But bread? Oh boy. Bread.
For some reason, bread has always scared me. I made up excuses -- it's too messy, too time-consuming, too difficult. But then I saw the recipe for Mark Bittman's No-Knead Bread. That's right, No-Knead bread. The recipe didn't involve any kneading, fancy ingredients, or special equipment. I literally threw flour, water, and yeast in a bowl, and just left it alone.
And this is what it made:
Holy cannoli, right?
The recipe promised an artisan bakery loaf with a "crackling crust, open-holed crumb, light texture, and fantastic flavor". And boy, was it right:
The bread had a golden, delicious crust with a soft and chewy inside. The flavor was incredibly yeasty and went beautifully with a pat of butter. Tearing into the bread a few minutes after I pulled it out the oven, I felt like I was eating the bread that fancy restaurants give you before a meal.
This was the perfect recipe to conquer my fear of baking bread.
I don't really know why I've feared the bread making process for so long -- at the end of the day, it's just flour, water, and yeast. Part of the reason why I was scared was because I only started become a serious baker in a high-altitude environment -- although I understood the science behind pastry leaveners like baking soda and baking powder, yeast seemed like a completely different animal. One I wasn't quite ready to conquer in Denver.
But now that I'm in Portland, there's no excuse. This is the first of many bread recipes I hope to try -- get excited! And for you pastry bakers afraid of baking bread, believe me. This one's a doozy. Welcome to a new frontier.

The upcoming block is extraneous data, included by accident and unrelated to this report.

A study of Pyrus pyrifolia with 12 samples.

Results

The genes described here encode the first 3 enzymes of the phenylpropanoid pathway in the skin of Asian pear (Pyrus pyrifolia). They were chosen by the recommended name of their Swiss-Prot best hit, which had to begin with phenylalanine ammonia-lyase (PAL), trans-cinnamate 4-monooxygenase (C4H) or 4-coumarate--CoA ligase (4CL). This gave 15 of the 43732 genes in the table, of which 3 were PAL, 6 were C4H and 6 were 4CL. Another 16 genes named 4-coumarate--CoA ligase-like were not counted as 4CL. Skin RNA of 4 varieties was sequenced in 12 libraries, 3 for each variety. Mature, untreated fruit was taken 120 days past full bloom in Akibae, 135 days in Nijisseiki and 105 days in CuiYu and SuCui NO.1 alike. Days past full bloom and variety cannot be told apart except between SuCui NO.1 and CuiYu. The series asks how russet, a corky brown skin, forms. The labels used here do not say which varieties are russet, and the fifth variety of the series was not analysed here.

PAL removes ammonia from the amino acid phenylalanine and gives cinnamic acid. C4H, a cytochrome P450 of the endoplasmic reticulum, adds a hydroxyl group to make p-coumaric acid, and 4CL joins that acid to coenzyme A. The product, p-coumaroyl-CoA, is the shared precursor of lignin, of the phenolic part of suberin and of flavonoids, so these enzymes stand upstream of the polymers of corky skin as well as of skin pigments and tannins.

Mark Bittman's No-Knead Bread
Time: About 1 1/2 hours, plus 14 to 20 hours' rising
(Adapted from the online version)
(Adapted from the online version)
- plastic wrap
- 2 cotton towels (not terry cloth; I recommend old-fashioned flour sack towels)
- one 6- to 8- quart heavy covered pot (cast iron, enamel, Pyrex or ceramic; I used my roommate's cast iron Dutch oven)
For the Bread:
(makes one 1 1/2-pound loaf)
- 3 cups all-purpose or bread flour, plus more for dusting
- 1/4 teaspoon instant rapid rise yeast
- 1 1/4 teaspoons salt
- 1 5/8 cups water, at about 120 (F)
- In a large bowl, combine 3 cups flour, 1/4 teaspoon yeast, and 1 1/4 teaspoons salt. Add 1 5/8 cups water, and use your hand to quickly stir until blended; dough will be shaggy and sticky. Cover bowl with plastic wrap. Let dough rest for at least 12 hours, preferably about 18, at a warm room temperature of 70 degrees. If your house is a little colder, the dough might need a few more hours.
- The dough is ready when its surface is dotted with bubbles. Lightly flour a work surface and place dough on it; sprinkle it with a little more flour and fold over on itself once or twice. Cover loosely with plastic wrap and let rest about 15 minutes.
- Using just enough flour to keep dough from sticking to work surface and your fingers, gently and quickly shape dough into a ball. Generously coat a non-terry cloth cotton towel with flour; put dough seam side down on towel and dust with more flour. Cover with another cotton towel and let rise for another 2 hours. When it is ready, dough will be more than double in size and will not readily spring back when poked with a finger.
- At least half an hour before the dough is ready, put your 6- to 8-quarter heavy covered pot in the oven. Preheat the oven (with the pot inside) to 450 (F) degrees. When dough is ready, carefully remove pot from the oven -- WATCH OUT. THE POT IS VERY HOT AT THIS POINT. Slide your hand under the towel and turn dough over into the pot, seam side up. It may look like a mess, but that's okay. Shake pan once or twice if the dough is unevenly distributed; it will straighten out as it bakes. Cover with lid and bake 30 minutes, then remove lid and bake another 15 to 30 minutes, until the loaf is beautifully browned. Use a spatula or tongs to remove the bread from the pan and cool on a rack for at least 30 minutes before slicing.